COVID-19 cases rising and variants detected in Madison County


Cases of COVID-19 in Madison County are on the rise again, according to Madison County Public Health.

Public health data shows that case incidence in the county has more than doubled in the last two weeks. On April 1, Madison County was averaging 26 new cases per week. As of April 13, the county is averaging 55 new cases per week. According to Madison County Health Commissioner Chris Cook, the county has not seen this type of rapid increase since Nov. 15, right before the winter surge.

“This increase might be from spring break and Easter activities, but we are starting to see evidence of a sustained increase again,” Cook said. “Our case incidence is higher than most of our neighboring counties.”

But it is more than the number of cases that concerns Cook. The people getting sick from COVID-19 right now are younger than at any time during the pandemic. Dating back to March 2020, the average age of a case in Madison County has been 45. This April, the average age has been 34. Cook also reports that in the last week, pediatric cases have increased rapidly.

“We are seeing a sizeable jump in the 0- to 19-year-old age group right now,” Cook said.

Over the course of the last year, 6 percent of all cases in the county have been in the 0-19 age group. Since April 1, 26 percent of all new cases have been age 0-19; furthermore, in the last week, 30 percent of all new cases have been in this young age group.

“With more adults vaccinated, we would expect a shift in the age group affected. But the combination of our increased case incidence and one out of every three new cases age 19 or younger is worrisome,” Cook said.

Further complicating the situation is the discovery of multiple COVID-19 variants in the county. This month, at least seven cases of COVID-19 have been on the Center for Disease Control and Prevention’s list of “variants of concern.”  This includes six cases of the B.1.1.7 variant, called the UK strain, and one case of the B.1.429 variant, known as the California strain. Studies of both variants show significant evidence that they can be passed from person to person much more easily; however, there are conflicting studies about the severity of disease the variants can cause.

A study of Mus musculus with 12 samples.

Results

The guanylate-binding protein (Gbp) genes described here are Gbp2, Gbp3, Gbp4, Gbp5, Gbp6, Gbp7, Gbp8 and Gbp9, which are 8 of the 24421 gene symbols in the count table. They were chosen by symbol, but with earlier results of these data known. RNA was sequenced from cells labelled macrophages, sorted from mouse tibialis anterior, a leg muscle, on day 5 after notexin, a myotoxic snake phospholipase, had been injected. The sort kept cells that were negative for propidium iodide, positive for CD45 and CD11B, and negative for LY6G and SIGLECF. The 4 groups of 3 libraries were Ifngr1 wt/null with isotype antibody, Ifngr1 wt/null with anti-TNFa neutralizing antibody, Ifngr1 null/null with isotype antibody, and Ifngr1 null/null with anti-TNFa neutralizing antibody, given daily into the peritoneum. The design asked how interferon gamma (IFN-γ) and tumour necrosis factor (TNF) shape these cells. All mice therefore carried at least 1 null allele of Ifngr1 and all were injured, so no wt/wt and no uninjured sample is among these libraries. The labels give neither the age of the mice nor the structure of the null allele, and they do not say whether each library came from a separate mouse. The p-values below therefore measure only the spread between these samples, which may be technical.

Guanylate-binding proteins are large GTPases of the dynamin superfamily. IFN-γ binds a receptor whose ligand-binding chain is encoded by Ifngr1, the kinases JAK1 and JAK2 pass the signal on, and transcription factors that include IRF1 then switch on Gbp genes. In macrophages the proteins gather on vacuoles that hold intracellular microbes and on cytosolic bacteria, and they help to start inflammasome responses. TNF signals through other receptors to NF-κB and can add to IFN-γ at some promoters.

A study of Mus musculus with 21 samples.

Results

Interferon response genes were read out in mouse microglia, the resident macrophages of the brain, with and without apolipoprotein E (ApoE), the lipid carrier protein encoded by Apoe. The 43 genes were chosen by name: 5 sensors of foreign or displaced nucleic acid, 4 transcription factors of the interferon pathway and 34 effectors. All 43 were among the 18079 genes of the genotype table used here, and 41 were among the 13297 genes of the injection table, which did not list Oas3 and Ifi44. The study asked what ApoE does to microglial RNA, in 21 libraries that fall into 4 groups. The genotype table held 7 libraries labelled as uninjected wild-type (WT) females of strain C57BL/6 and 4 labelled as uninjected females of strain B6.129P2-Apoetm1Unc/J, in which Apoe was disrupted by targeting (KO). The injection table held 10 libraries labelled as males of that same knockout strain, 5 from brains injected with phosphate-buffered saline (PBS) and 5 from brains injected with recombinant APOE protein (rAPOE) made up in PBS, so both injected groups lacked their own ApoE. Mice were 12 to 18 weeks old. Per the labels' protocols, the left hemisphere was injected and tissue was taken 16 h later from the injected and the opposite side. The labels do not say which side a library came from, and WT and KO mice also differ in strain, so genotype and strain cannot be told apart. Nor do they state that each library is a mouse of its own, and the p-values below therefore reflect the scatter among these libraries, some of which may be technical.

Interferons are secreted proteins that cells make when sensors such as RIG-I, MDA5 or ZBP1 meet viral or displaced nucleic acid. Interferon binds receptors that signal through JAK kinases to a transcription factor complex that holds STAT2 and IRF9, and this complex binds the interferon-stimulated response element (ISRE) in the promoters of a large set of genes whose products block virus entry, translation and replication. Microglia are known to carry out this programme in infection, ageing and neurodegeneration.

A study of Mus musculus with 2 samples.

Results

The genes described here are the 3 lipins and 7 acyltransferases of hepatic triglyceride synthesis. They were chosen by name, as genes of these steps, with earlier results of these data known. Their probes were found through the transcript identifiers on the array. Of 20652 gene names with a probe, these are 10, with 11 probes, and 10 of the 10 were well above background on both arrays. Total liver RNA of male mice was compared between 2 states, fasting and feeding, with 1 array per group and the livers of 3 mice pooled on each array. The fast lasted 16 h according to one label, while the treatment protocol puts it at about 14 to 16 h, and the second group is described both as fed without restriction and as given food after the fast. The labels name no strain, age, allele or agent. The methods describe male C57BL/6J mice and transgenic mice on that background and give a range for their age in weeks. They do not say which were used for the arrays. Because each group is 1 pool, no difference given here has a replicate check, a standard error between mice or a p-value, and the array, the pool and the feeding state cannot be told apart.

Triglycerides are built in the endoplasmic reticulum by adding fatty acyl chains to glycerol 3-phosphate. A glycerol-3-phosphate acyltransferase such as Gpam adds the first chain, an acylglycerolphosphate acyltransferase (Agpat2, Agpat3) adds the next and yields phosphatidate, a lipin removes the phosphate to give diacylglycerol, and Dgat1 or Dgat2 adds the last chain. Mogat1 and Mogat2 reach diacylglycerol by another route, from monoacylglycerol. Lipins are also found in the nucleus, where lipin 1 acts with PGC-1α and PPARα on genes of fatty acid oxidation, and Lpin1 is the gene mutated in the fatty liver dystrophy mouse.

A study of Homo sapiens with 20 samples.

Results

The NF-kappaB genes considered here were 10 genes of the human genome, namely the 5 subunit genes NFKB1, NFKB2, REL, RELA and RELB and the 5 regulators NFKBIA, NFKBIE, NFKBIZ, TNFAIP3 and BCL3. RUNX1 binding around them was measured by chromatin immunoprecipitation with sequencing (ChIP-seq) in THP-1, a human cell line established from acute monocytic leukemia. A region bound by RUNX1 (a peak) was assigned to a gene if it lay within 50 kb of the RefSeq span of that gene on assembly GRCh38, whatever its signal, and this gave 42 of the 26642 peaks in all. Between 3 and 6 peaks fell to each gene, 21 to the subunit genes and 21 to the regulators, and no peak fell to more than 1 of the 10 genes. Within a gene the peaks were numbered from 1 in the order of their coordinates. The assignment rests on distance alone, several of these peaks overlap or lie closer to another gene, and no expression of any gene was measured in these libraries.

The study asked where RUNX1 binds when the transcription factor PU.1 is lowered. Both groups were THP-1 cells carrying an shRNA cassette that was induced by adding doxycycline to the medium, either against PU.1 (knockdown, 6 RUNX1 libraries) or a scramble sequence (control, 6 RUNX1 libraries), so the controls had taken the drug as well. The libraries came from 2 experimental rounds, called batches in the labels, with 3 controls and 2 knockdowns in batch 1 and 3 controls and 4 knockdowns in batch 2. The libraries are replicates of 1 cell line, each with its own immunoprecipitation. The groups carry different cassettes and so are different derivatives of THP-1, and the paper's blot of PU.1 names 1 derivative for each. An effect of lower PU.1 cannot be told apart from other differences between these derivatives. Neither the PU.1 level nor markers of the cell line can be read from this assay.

“Only a small number of COVID-19 cases are tested for the type of variant that caused the illness. But we know that the variants are in Madison County and across Ohio and are spreading easily,” Cook said. “While the vaccines do a good job of protecting us from the variants, these new strains have the capability of pushing us into another surge if we are not very careful.”

Cook says that things can still stay under control if more people get vaccinated and everyone stays vigilant., but it will not be easy. Madison County Public Health has invested a significant amount of time and resources into their vaccination clinic at OSU’s Molly Caren Agricultural Center. As case numbers rise, an already overtaxed public health system will be pushed to the limit again, he said.

“We will continue to vaccinate, isolate cases, and quarantine contacts. Public Health will always answer the call, but we are once again asking for everyone’s help,” Cook said.

He is asking everyone to do four things right now:

1) Wear your mask the right way (over your mouth and nose);

2) Keep gatherings small;

3) Move indoor activities outside; and

4) Get your vaccine. Everyone age 16 and older can get a free COVID-19 vaccine.

Visit covidvaccine.madisonph.org to pre-register and view clinic days and times offered through Madison County Public Health.